Articles that analyse why playing bridge is not as popular as, say, poker, invariably include its “old lady” image as one of the reasons. Too many old ladies playing bridge give it an image that turns off the boomer generation and their kids. Well!–us old ladies are not giving it up to improve the image of bridge! Nor die sooner than scheduled–in fact, playing bridge keeps us living longer.
Here, however, are a couple of newspaper stories about bridge clubs that appear to “bridge” that old lady generation gap. One is about serious duplicate bridge, the other about sociable bridge.
Workington Bridge Club in England, with a membership of almost 100, has members ranging from 40 to 90. Their secret appears to be embracing technological change.
Established in 1952, they have moved with the times. The Club has its own website. Members play bridge on the internet in addition to club playing and they share with one another via email. As to the website, it appears that bridgewebs.com is a regional website and this makes it easy for towns to use the same template and tie into that main website. Makes it easy for a club to have a website.
This is a duplicate bridge club (not sociable bridge), and also uses computers to do “PowerPoint presentations on rules and strategy” AND “All the hands are dealt out beforehand by a machine linked to a computer and each card has its own barcode.”
Now, I personally do not understand much of that (being in the old lady bridge player category), BUT what they are doing evidently draws in younger players and thereby bridges that generation gap. Here are the links to copy/paste and check it out. http://www.bridgewebs.com/workington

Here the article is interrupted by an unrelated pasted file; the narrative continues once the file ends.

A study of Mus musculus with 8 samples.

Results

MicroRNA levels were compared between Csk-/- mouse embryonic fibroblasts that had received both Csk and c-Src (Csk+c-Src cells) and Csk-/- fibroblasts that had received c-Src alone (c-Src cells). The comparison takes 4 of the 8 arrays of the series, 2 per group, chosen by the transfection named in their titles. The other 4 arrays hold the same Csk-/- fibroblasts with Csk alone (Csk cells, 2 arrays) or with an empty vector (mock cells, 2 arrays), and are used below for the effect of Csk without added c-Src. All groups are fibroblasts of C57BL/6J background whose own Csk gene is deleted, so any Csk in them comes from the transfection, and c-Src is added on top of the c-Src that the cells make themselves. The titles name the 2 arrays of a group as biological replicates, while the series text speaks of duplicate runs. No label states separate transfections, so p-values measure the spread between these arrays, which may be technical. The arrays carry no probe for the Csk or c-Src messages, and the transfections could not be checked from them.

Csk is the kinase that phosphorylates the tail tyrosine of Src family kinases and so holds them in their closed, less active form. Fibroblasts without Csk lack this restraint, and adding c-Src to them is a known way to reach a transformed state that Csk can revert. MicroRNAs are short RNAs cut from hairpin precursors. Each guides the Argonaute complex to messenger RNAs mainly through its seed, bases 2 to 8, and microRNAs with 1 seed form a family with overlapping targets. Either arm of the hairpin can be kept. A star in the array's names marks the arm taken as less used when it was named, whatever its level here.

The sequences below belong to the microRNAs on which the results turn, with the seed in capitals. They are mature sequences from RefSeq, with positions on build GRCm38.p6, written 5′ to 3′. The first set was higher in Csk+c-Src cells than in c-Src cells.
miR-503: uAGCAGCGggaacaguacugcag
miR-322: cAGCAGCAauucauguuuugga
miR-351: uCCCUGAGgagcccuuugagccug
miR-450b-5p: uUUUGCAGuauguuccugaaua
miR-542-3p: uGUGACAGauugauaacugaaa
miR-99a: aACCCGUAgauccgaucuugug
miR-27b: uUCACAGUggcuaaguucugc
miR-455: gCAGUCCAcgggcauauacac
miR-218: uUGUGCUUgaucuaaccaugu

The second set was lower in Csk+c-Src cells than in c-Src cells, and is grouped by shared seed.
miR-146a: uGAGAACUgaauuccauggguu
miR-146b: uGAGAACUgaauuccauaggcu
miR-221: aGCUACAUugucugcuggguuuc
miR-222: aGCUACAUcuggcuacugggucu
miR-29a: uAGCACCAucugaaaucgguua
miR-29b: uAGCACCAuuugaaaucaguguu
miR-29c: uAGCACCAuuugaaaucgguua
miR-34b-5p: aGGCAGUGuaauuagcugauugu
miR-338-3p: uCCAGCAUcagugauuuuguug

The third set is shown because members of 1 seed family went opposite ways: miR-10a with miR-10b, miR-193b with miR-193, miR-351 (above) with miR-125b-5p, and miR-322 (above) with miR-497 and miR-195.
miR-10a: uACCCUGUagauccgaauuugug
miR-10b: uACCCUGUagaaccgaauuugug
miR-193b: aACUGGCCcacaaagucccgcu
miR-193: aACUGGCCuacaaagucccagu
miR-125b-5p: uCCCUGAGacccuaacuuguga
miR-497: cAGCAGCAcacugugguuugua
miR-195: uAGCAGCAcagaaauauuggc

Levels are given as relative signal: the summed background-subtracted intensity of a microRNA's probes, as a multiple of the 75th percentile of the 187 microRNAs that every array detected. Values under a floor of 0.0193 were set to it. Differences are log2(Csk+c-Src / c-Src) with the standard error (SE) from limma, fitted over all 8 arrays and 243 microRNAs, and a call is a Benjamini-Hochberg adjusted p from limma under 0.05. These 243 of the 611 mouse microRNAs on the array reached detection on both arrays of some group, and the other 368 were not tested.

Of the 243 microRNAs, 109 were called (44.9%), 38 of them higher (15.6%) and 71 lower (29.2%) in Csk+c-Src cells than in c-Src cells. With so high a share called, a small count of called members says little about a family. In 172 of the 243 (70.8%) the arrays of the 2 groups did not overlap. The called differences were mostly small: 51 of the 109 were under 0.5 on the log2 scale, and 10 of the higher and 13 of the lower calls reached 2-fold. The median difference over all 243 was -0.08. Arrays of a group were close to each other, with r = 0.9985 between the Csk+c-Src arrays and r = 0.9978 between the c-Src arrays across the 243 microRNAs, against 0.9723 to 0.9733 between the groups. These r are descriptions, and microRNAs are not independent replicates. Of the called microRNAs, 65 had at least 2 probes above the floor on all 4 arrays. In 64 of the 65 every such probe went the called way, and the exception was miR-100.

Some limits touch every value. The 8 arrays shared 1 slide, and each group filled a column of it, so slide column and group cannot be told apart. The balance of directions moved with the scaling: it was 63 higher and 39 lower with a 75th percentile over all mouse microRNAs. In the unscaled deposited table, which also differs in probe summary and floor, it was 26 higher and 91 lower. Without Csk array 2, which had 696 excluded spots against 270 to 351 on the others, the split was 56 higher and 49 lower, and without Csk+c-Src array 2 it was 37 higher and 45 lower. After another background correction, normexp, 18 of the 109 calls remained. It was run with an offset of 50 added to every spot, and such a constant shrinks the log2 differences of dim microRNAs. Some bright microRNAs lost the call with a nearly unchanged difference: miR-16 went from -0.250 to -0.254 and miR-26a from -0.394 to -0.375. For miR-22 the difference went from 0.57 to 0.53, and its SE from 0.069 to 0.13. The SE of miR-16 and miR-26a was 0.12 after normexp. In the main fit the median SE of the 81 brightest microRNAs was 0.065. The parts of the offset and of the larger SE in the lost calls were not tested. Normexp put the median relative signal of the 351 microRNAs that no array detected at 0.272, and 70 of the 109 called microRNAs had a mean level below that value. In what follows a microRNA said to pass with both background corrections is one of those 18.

Bridge Days at Lone Star College in Texas
Thousands of miles west of Workington in Cumbria, England I came across a news article about a way of bridging the generation gap I’d never heard of before. It’s been going on since 1998!
Lone Star College is a community college of 69,000 students, and if you add those taking individual courses for credit, they serve 85,000 students–it is “the fastest-growing community college system in Texas.” And their publicity says:
“Bridge Days are held at Lone Star College-Tomball (LSC-Tomball) on Sundays during the regular school year from 12:30-3PM.”
Having College Bridge Days on Sunday afternoons is a great idea in itself, but unique about LSC is this: the community is invited to participate! It’s open to beginners, experienced players, single players and paired players–all are “equally welcome.” A Texan “Y’all just come” attitude.
What a great thing to do! Here’s the link if you’d like to find out more about how they run this Sunday afternoon event, http://www.lonestar.edu/18100.htm. Mary Pat Trenkle is the contact.
I would think an unintended benefit of a college (could be a high school on a Sunday afternoon) inviting locals of all ages to come play bridge would be making those locals (taxpayers all) happier.